The City of Trees was—and still is—saturated with burger-and-brew joints, but in the last few years, a smart crop of restaurateurs has diversified and upscaled the game, and the commentary has turned to "restaurant concepts" and "dining experiences," spiffy terms that point to the aspirational, value-added qualities of going out to eat. Somewhere between taco-fusion spots on Eighth Street and third-wave coffee bars, A Cafe, which has had its roll-up door open since the weekend of July 18, is comparatively bereft of abstractions.
"People used to say, 'Oh, you're opening a restaurant,' and I'd say, 'No, we're opening a cafe,'" Owner Ashley Syms about how the cafe got its name.
True, walking into A Cafe one will notice such contemporary staples as white-tile wall work, a Spartan logo (it's just a huge, Times New Roman lower-case A), a pale stonework counter and other hallmarks of the stripped-down look that's so hot right now, but the language of that aesthetic seems secondary to Syms. It's the same with the food. There's avocado toast on the menu and specials written on butcher paper above the register, but nothing on the menu or the walls is overthought or under-executed, and that's refreshing.
- Harrison Berry
Go extra with the avocado toast. The special, complete with a 6-minute egg (which costs more), came with creamy avocado, an appropriately salty seasoning and cherry tomatoes that are acidic and taste like sunshine. Two slices go for $9.50, make for a perfect lunch that won't leave diners hungry or drowsy, and are worth every penny. The toast itself, from Acme, is fluffy, crusty and holds together, but isn't particularly toasted. Having vegetarian options on the menu, Syms said, is important when it comes to attracting customers on plant-based diets, but also adds items that are less heavy than meaty fare.
"Just having those options—they're just a little bit lighter, too," Syms said.
The BLT ($9, comes with a side salad) likewise holds the middle ground between lightness and substance. Again turtle-shelled between slices of Acme bread, the named ingredients are bound by a swipe of mayo, which barely adds to the salt from the bacon and brings out the flavors of lettuce and tomato. The side salad is chiefly arugula, parmesan and a light oil dressing.
What flair there is on the menu has a story behind it. That's the case with the shrub soda ($3.50), which has strawberry, hibiscus and jalapeno notes. This fiery, rouge-tinted beverage was inspired by the Babymaker, a cocktail served at Comida in Denver, Colorado, where Syms used to work with A Cafe's current manager, Katrina Cozadd. The sipper is a nod to what is clearly a strong personal and professional relationship.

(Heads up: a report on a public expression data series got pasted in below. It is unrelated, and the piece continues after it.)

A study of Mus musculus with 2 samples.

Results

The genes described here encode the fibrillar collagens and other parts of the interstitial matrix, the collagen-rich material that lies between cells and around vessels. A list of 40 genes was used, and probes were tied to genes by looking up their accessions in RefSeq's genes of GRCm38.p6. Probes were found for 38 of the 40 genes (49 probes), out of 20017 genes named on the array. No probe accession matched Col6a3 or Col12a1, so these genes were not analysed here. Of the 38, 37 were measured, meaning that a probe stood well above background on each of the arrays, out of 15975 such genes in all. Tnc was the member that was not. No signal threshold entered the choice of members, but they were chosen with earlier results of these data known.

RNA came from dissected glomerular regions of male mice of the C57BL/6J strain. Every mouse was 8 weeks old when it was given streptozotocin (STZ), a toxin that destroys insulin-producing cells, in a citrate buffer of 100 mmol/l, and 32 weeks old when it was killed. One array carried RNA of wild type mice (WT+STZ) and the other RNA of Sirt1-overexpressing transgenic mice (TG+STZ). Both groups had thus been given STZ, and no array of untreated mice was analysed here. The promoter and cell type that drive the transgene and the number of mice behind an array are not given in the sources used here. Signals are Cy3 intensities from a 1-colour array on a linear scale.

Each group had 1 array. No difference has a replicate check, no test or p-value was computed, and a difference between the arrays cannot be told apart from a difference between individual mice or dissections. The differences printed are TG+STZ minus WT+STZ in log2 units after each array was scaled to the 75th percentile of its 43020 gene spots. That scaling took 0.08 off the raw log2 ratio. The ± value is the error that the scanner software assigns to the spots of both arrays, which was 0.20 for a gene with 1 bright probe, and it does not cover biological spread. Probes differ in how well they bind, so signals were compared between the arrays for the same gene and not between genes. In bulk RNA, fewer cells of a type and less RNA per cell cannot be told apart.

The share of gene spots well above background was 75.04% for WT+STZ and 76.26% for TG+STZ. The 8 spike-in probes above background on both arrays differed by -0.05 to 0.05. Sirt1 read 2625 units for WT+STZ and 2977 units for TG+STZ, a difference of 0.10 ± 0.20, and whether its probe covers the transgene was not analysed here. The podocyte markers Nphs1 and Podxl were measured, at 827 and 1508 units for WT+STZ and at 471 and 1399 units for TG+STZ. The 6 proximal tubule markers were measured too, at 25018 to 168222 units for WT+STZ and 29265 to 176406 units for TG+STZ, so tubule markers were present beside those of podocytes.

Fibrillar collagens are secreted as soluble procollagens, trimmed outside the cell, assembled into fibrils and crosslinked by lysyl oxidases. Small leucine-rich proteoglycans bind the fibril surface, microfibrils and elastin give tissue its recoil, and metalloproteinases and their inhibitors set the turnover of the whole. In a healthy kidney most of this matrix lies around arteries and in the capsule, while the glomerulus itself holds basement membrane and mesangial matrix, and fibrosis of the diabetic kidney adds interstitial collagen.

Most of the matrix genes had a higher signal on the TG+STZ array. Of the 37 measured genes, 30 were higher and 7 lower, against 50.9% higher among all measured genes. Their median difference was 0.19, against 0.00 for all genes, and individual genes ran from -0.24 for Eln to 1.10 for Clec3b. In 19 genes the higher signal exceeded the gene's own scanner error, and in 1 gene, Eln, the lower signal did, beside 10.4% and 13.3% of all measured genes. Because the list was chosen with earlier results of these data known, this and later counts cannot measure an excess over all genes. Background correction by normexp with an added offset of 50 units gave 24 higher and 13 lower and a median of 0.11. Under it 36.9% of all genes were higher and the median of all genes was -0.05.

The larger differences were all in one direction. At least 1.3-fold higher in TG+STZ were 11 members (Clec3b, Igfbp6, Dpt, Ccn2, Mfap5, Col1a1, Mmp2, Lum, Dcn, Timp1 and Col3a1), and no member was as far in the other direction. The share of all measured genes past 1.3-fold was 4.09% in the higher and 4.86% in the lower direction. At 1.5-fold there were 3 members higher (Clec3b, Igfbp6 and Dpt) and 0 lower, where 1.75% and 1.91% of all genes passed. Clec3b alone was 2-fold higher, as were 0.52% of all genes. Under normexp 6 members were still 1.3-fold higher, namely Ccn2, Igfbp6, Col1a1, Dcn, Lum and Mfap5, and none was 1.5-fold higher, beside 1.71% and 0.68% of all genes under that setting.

Syms is a Boise boomerang. A Capital High School graduate, she left for the University of Colorado-Boulder and jettied between the Rocky Mountain State and Boise, working food service jobs at Protos Pizza in BoDo and various places in Colorado. She returned to Boise in spring 2017 with an eye toward opening her own shop.
"People tell me I have a talent for putting together spaces," she said. "This is a lot like my home."
It's true, much of what decoration there is comes directly from Syms' house; but to the point, Syms approached A Cafe in spatial terms, and the effect is that it feels, with its high ceilings and above-the-dining-area shelving, much like eating with the cooks at their own wooden table. (Nota bene: The large wooden table near the garage-style door at A Cafe was made by Cozadd's brother.) Intimacy and eaters feeling like they're adjacent to food preparation were important elements of Syms' vision. The most sun-lit and social seats are at the front of the cafe near the sidewalk, while the warmest, most conversation-friendly seats are at a counter between the register and the kitchen.
"It's meant to be modern and clean, but homey as well," she said.
For the future, A Cafe has in store stronger connections with the Boise Farmers Market and the raised profile of organic ingredients in what it makes. Beer, wine and cider will eventually make their debuts. Otherwise, there's little in the way of a 5-year plan—and that, too, is refreshing.
"It will always be about keeping things simple and familiar," Syms said. "I'm going to let Boise guide us."